A federal appeals court has asked parties involved in a personal injury lawsuit that challenged the constitutionality of Mississippi’s $1 million cap on non-economic damages to re-brief the issue.
The 5th Circuit Court of Appeals in New Orleans filed the order last week.
The court noted it has been two years since the original briefs were filed. The court said it wants the briefs to include any new information that has developed since the appeal was filed.
Lisa Learmonth filed suit in federal court after she was injured in a collision with a Sears van near Philadelphia, Miss., in 2005. A federal jury in 2008 determined Sears was liable for Learmonth’s injuries and awarded $4 million in damages but the panel did not itemize how much of the award was noneconomic damages.
Learmonth and Sears agreed $2.2 million of the verdict was for non-economic damages. A federal judge reduced that part of the damages to $1 million in line with Mississippi law.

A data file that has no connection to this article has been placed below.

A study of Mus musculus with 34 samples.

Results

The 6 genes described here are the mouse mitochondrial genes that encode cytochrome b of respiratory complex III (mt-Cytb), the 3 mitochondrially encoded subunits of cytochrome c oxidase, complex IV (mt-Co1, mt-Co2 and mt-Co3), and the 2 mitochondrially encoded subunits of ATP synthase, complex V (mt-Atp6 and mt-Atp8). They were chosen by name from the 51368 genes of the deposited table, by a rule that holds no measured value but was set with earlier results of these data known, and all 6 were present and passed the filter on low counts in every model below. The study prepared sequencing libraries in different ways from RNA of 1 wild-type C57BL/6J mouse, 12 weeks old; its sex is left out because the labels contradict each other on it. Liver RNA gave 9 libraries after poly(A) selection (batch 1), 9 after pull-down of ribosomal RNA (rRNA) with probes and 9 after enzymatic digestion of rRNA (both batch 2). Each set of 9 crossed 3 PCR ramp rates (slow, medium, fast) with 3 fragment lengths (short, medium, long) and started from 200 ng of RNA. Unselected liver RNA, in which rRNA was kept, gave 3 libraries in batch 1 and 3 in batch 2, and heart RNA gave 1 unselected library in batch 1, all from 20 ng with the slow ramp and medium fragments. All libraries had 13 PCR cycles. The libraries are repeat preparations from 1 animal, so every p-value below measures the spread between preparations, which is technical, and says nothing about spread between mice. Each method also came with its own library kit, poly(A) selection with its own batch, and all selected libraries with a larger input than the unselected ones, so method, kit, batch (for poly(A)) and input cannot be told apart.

The 5th Circuit asked the Mississippi Supreme Court to weigh in on the constitutionality of the $1 million cap. In an August ruling, the Mississippi high court said absent an itemized damage award it had nothing on which to rule.
Attorneys for Sears have until Oct. 22 to re-brief the issue. Attorneys for Learmonth have asked the court to let them file a response by Nov. 19.
The $1 million cap on non-economic damages applies to what a jury can award someone for such things as pain and suffering. The limits on damages were adopted by Mississippi lawmakers after years of contentious wrangling over tort changes.
Non-economic damages under Mississippi law do not include punitive damages. There is no cap on damages for economic losses, such as how much the person could have expected to earn in his or her lifetime or for such things as continuing medical expenses.
The initial limits on lawsuit awards came in 2002. The law was amended in 2004 amid complaints that the initial changes didn’t go far enough.